Doug Israel, Director of Research and Policy for The Center for Arts Education, posts to Huffington Post Education:
Owing largely to mandates of the federal No Child Left Behind Act, school districts of all sizes spent years focusing educational goals very narrowly on improving test scores in just two subject areas English Language Arts and Math. This came at the expense of the arts, music, and other subject areas that were not being tested.
From Robin Pogrebin at The New York Times:
The Department of Cultural Affairs announced its planned survey at a meeting in January at the Ford Foundation that was attended by about 230 representatives of arts groups. An additional 200 attended a second meeting last month at BRIC, a nonprofit arts and media organization in Brooklyn. Arts executives who went to the meetings said they welcomed the city’s effort and did not view it with alarm.
In a speech delivered at a symposium held by UK-based Circus Futures, Owen Calvert-Lyons, artistic director of The Point, Eastleigh, and The Berry Theatre, implores the arts eco-system to make emotional in additional to financial investments in its artists. He asks:
Artists are constantly being asked to be financially resilient. But what about emotional resilience? When artists face rejection from a funder or a programmer, who is there to provide that sense of community and solidarity and empathy? So often the work that artists subsidise with time, money, love and belief is treated as a commodity, or just a product by venues. In an era in which our sector is constantly being asked to commercialise, this will only increase.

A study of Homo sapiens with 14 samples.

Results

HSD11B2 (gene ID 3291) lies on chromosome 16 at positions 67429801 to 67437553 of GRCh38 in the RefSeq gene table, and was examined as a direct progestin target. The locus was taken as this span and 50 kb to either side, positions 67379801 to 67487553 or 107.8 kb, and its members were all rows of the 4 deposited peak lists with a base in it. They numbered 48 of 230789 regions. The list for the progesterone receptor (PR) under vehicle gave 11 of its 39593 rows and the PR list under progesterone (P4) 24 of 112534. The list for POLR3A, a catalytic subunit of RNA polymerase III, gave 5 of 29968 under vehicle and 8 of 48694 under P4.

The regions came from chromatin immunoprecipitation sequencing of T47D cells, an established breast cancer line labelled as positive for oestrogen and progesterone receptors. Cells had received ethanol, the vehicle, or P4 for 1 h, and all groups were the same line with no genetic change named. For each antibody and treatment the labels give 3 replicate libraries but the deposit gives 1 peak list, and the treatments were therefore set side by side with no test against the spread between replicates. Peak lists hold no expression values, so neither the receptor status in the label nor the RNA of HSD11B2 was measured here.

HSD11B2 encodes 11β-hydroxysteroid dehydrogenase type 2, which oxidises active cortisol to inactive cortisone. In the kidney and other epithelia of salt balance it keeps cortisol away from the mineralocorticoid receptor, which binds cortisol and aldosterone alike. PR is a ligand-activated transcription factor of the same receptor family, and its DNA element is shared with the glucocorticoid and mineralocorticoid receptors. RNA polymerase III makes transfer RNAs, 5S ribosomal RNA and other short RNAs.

From Mary Plummer at KPCC, 89.3FM:
New Jersey continues to lead the nation through the release of detailed arts education information to the public and the research findings look promising — a 4% increase in high school arts participation from the previous year with significant increases in dance and theater participation. These findings are based on the arts educator assignment data for all schools and the high school arts participation data from the New Jersey School Performance Reports just released by the New Jersey State Department of Education. According to the new state data, 94% of schools in New Jersey reported offering arts education programs that provide access to nearly 1.3 million students (97% of all students). Student participation in high school arts programs grew to just under 50% of all students.